It’s about frigging time

Jeezus H. Cable, what took them so long? The Wall Street Journal reports that TVs may soon be able to get TV without those damned cable boxes that do so little for so much with such bother:

Sony Corp. and six of the biggest U.S. cable operators announced an agreement to create digital televisions capable of receiving cable service without a set-top box.

Sony signed a pact with Comcast Corp., Time Warner Cable Inc., Cox Communications, Charter Communications Inc., Cablevision Systems Corp. and Bright House Networks to develop technology that will allow consumers to eliminate set-top boxes, yet still receive basic as well as advanced cable services, such as pay-per-view movies.

The new technological standard should enable a new generation of TVs to include video-on-demand, digital video recording, interactive programming guides, and other services, the National Cable & Telecommunications Association said Tuesday. By eliminating the set-top box, cable companies can simplify installation and reduce costs, while consumers can worry about one less component in their home theater systems. . . .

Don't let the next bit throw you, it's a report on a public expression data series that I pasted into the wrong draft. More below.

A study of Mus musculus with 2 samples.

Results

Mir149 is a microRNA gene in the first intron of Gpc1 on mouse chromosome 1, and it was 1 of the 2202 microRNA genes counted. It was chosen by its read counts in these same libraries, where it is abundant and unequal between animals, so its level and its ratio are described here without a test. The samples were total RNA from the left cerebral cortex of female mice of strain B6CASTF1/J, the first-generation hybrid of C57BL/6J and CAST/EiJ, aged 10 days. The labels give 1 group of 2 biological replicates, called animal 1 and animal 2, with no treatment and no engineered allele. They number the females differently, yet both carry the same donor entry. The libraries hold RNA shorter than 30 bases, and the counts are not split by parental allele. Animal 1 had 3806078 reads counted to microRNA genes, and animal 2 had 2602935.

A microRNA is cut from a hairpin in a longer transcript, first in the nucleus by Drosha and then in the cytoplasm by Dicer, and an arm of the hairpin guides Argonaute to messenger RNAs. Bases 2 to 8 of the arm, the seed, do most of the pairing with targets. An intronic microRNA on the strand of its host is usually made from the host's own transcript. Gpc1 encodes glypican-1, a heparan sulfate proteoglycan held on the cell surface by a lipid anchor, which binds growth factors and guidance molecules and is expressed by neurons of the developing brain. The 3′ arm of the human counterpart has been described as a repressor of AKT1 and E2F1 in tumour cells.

Sony and the cable operators will adopt a Java-based application called tru2way as the nationwide interactive standard, which will allow for the manufacture of new “plug-and-play” interactive devices that can be used with TV sets.

The technology could also make it easier for consumers to receive the full range of cable-based services on other devices, such as laptops, MP3 players, and cellphones.

It’s not as if this took a single technological breakthrough. It simply took cable companies realizing that they make it too fucking difficult to get the service they offer and it’s getting far easier for us to watch TV via the internet (witness the incredible popularity of the BBC iPlayer in the UK). The cable box should have been dead at least a decade ago. The only thing that kept it alive was cable companies’ business model built around control and restriction. But you can no longer make a business on telling us what we can’t do.